University of New Hampshire
McNair Scholar, 2019 & 2020
2020 Mentor: Dr. Laura Smith, Department of English
2020 Research Title: Variations in High School Reading Lists and Student Reading Compliance
Variations in High School Reading Lists and Student Reading Compliance
Studies have found that the reading lists of today remain nearly unchanged from those of thirty years ago, which means they have not adapted to fit the demographics and interests of current students. Less than 7% of books on the reading lists created, then, were written by authors of color, and less than 16% were written by women (Applebee, 1992). Since then, the reading lists have remained curiously stagnant. This lack of diversity denies other students the ability to see their stories reflected in the books they’re required to read which can lead to a lack of interest in the literature, itself (Greenbaum, 1992; Hinton & Dickinson, 2005). The purpose of this study is to investigate current reading lists while examining their variation and diversity to discover how these factors relate to reading compliance amongst students in the classroom. This study will focus on teachers’ perceptions of the level of reading compliance in their classrooms associated to these reading. Through surveys and interviews, this study hopes to uncover the composition, diversity, and perceived engagement of modern-day reading lists. Creating a better understanding of what makes a successful reading list allows for their improvement so that they can better serve and benefit the students of today.
2019 Mentor: Dr. Laura Smith, Department of English
2019 Research Title: The Relationship Between Multicultural Representation In Children's Literature and Reading Practices Of Young Adults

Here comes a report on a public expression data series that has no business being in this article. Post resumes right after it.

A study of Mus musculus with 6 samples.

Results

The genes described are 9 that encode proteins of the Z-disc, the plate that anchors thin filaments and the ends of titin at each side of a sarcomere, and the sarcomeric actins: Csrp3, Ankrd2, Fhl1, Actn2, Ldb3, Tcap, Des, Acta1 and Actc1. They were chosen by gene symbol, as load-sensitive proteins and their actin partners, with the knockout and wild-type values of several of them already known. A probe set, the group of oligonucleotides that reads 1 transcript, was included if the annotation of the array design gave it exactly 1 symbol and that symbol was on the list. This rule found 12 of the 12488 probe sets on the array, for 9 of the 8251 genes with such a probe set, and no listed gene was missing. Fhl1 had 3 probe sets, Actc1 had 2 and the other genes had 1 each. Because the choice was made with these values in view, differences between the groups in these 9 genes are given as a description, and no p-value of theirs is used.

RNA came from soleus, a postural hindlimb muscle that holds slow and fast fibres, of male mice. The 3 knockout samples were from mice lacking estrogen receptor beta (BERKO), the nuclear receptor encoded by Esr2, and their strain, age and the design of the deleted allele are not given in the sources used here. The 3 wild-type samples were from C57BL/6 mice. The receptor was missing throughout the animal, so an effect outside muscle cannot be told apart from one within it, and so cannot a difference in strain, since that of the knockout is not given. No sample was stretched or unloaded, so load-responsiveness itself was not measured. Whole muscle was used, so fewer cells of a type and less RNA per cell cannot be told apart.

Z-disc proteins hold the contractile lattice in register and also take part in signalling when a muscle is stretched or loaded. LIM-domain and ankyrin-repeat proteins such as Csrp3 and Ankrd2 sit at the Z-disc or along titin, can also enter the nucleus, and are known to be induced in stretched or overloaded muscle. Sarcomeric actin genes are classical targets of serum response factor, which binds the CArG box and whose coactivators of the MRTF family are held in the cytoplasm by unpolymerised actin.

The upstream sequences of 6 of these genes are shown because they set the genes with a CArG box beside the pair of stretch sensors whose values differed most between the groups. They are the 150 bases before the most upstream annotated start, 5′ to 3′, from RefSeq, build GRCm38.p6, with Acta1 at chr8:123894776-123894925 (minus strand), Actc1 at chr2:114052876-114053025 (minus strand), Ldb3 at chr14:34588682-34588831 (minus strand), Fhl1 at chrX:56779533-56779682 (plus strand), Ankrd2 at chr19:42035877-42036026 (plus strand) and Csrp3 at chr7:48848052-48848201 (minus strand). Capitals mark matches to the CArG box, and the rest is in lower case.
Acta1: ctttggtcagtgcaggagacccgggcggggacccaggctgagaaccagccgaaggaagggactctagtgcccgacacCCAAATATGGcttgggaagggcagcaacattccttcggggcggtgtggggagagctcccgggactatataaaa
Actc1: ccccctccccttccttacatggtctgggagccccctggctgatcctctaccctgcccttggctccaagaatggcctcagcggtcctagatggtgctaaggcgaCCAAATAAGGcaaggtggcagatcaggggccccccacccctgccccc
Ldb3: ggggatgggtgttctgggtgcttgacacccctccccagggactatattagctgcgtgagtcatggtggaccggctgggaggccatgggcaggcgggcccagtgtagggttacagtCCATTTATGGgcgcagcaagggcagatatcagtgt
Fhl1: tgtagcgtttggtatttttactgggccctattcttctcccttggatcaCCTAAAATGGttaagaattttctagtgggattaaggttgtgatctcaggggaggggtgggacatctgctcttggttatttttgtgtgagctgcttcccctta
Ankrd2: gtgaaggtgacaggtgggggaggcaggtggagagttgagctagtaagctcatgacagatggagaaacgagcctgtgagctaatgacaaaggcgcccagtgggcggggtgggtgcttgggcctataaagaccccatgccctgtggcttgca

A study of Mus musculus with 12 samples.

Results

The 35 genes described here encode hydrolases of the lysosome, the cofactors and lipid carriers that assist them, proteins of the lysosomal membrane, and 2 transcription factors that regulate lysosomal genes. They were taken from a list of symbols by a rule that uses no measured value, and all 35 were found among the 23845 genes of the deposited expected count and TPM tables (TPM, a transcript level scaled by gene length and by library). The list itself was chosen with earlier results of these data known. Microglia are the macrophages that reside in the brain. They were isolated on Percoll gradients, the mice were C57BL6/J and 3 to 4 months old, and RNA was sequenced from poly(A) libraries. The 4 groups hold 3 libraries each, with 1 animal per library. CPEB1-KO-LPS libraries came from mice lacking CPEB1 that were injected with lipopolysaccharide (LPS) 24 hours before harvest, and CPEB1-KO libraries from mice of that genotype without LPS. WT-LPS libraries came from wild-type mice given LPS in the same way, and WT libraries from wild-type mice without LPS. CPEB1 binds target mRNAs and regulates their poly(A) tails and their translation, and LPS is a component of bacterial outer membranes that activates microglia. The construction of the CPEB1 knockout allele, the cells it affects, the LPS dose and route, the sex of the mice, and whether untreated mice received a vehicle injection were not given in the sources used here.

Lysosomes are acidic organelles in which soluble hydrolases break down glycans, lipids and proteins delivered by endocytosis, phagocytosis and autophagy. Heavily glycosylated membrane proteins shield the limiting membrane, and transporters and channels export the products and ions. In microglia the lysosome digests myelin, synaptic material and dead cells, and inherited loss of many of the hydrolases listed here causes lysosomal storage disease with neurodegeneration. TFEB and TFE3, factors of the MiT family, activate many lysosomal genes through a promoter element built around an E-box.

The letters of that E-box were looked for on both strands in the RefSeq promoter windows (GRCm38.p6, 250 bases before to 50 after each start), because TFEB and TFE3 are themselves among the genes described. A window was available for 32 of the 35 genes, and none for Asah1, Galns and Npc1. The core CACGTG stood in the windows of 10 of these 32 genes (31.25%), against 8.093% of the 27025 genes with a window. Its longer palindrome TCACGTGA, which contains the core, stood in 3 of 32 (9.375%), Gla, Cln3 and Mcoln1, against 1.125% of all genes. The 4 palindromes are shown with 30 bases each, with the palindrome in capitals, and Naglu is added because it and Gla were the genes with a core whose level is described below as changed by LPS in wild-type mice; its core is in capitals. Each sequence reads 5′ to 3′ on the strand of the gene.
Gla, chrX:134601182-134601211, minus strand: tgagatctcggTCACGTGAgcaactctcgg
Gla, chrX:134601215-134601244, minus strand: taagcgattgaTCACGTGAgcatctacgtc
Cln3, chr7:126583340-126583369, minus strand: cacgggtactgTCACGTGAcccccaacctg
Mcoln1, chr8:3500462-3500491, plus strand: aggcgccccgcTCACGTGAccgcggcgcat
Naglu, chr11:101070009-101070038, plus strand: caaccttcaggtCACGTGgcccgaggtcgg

The Relationship Between Multicultural Representation In Children's Literature And Reading Practices Of Young Adults
Students of color – anyone of non-European descent, including non-white Hispanics – are found to read noticeably less than their white counterparts in the United States, and this literacy gap continues to affect American students as they mature into adulthood. This research project will explore the possible relationship between this reading disparity and the minute number of children’s books featuring protagonists of color. Similar studies have shown that a child’s ability to connect with the characters in the books they read influences how interested they are in the books they’re reading, and possibly affects their reading practices. This study will further delve into this idea by interviewing both students of color and white students on the University of New Hampshire’s campus about their current reading practices and their childhood reading experiences. The purpose of this study is to explore the relationship between the connections a young adult made with any children’s books and how much they currently read. Through analyzing transcriptions of the interviews, this relationship will be further examined with the hopes of better understanding the effect that multicultural representation in children’s books has on reading practices. The results of this study could influence the way that reading lists are chosen in schools as well as the importance that teachers, parents, and publishers place on diversifying the genre of children’s literature.